Karl Denninger

Never expect NPR to leave politically-charged and irrelevant issues out of an honest debate.


Suicide rates have increased in nearly every state over the past two decades, and half of the states have seen suicide rates go up more than 30 percent.


The report also cites the need to reduce "access to lethal means" but without explicitly discussing firearms or controversial issues such as gun control legislation. Asked whether that was a deliberate omission, because of the political climate surrounding gun control, Stone said that suicide rates have been increasing across all methods.

"So it's not just about firearms, it's also about other methods of suicide such as hanging, suffocation, poisoning and the like," she said. "We are concerned with all aspects of suicide prevention, including access to lethal means, and so we do include that in a comprehensive approach to suicide prevention."

Uh huh.

There is nothing you can do about "access to lethal means."

I can poison myself with my car exhaust.  There is no means to prevent that as an intentional act (I can remove my CO detector's batteries, or unplug it, to prevent the alarm from going off -- as an example.)

I can poison myself with dozens of commonly-available pharmaceuticals and illegal drugs (fentanyl anyone?)  While you can "bust" more people and make access there harder, you can't really stop me from obtaining access (e.g. booze.)

I can hang myself.  You can't stop that either; what are we going to do, put a 10 day waiting period on rope sales?

Hanging is quiet, clean and shockingly effective, nearly 100% so. Done "correctly" it also has a near-zero pain factor associated with it.  Guns also have a near-zero pain quotient (when used in the mouth, for example) but are loud and messy.  Car exhaust can poison unintended victims; whether a suicidal person cares is an open question.

A lot of people who try to kill themselves don't really mean it.  We know this; it's a "cry for help", basically.  But those who really do mean it usually choose a means that is nearly 100% effective and (as they believe anyway) painless.  Some care about what they leave behind (e.g. the mess quotient) others do not.

The real question is why are the rates of suicide going up so much?

There are a number of answers.

Take a society that destroys middle-class earning potential, meaning you're either at the top or you're making under $20 an hour, and you've got a problem.  Essentially all, statistically speaking, of the jobs created since 2008 pay under $20 an hour.  That's a statistical fact and when you take someone who made $80k, lost their job, and now the best they can do is half that that might be a bigfactor.  Thank you China, India, offshoring of labor, destroying of what formerly were good jobs, etc.  Tell me again about the "booming" economy when these are, in fact, the real numbers behind that alleged "boom."

Now take non-large-corporate employee who finds himself with a near 90% effective tax rate on the money earned between $25,000 and $50,000.  Yes, that's Obamacare and it's subsidy/penalty system.  The penalties go away next year but the rest does not, and if you have any sort of health issue the 90% extraction for that second $25k is still there.  Incidentally that nice little slot problem happens to occur right at the transition point to middle-class living, so we take a whole bunch of people who were formerly middle-class, can be today except that the rape-room financial games in the medical system toss them into the lower economic class where they have to double their income before starting to climb out of that hole.  Will some, especially those with a health condition, choose to blow their own brains out instead when faced with that?  Yep.  Who gets that check?  Obama, Trump and Congress, all whom have ignored and in fact cheered on the medical monopolists instead of imprisoning all of them.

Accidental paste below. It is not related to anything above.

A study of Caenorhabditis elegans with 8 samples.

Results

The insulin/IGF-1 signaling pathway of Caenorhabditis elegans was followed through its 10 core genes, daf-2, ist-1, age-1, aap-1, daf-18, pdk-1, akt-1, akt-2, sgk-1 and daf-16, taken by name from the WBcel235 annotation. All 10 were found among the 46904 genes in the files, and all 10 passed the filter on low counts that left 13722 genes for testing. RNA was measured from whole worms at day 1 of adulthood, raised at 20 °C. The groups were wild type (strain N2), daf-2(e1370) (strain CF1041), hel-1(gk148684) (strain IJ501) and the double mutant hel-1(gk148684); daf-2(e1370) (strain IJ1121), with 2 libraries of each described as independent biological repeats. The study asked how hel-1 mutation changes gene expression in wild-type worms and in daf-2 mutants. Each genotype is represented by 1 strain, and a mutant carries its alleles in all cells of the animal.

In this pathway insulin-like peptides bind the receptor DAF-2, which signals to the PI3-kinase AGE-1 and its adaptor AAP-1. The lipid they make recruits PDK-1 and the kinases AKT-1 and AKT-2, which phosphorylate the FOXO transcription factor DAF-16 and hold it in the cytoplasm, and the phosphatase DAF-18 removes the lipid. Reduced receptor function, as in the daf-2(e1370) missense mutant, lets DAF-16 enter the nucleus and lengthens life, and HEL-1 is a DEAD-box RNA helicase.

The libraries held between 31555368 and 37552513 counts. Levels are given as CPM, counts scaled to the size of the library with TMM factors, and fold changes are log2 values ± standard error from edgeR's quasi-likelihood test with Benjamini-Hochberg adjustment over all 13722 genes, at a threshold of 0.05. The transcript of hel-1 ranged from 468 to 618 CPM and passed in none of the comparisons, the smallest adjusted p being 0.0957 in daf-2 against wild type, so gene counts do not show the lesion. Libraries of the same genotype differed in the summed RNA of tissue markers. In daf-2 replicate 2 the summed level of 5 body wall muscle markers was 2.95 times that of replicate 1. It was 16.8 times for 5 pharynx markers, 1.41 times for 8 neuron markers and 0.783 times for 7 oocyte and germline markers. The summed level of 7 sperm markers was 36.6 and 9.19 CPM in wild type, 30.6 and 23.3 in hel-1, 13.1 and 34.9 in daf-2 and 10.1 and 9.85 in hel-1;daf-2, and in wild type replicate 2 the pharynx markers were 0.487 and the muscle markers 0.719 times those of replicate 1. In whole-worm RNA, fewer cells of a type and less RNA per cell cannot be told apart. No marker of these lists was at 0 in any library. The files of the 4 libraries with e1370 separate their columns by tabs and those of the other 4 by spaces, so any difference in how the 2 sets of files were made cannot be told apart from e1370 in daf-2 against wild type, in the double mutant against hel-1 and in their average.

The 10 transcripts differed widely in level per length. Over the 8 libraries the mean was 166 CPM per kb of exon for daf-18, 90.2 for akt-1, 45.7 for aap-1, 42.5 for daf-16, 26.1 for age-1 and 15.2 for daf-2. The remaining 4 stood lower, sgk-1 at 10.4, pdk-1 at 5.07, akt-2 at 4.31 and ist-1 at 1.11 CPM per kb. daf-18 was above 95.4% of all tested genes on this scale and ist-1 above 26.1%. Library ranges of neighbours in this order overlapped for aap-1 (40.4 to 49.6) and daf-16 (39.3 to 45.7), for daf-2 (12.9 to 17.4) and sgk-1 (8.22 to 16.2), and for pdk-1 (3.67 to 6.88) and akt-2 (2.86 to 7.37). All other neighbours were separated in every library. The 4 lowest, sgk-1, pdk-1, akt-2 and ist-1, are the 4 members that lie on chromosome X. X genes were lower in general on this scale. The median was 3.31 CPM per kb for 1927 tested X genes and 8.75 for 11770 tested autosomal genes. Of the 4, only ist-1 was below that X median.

Then you have opiates.  An industry sells over 400 pills per person per year into one small town and manages to evade any sort of prosecution for it.  Do you really think it's possible that there was any sort of legitimate need for that volume of drug in one small town when the drug in question is highly-addictive -- and profitable?  Of course not.  That's the very definition of the crack-dealer model of business: Only the first hit is free; the rest take all your money first, then your life.  You don't think some people would decide to check out on their own terms instead of some pharma company's terms, do you?

There's more but this is a good start -- but no, we can't have that discussion.

Instead it has to be about guns -- inanimate objects instead of deliberate, malevolent, profit-driven decisions made by both big business and our government that have willfully and intentionally ignored rampant felony violations of the law for decadeswhile literally screwing the people of this nation blind.



Mr. Denninger, recent author of the book Leverage: How Cheap Money Will Destroy the World, is the former CEO of MCSNet, a regional Chicago area networking and Internet company that operated from 1987 to 1998. MCSNet was proud to offer several "firsts" in the Internet Service space, including integral customer-specified spam filtering for all customers and the first virtual web server available to the general public. Mr. Denninger's other accomplishments include the design and construction of regional and national IP-based networks and development of electronic conferencing software reaching back to the 1980s.

He has been a full-time trader since 1998, author of The Market Ticker, a daily market commentary, and operator of TickerForum, an online trading community, both since 2007.

Mr. Denninger received the 2008 Reed Irvine Accuracy In Media Award for Grassroots Journalism for his coverage of the 2008 market meltdown.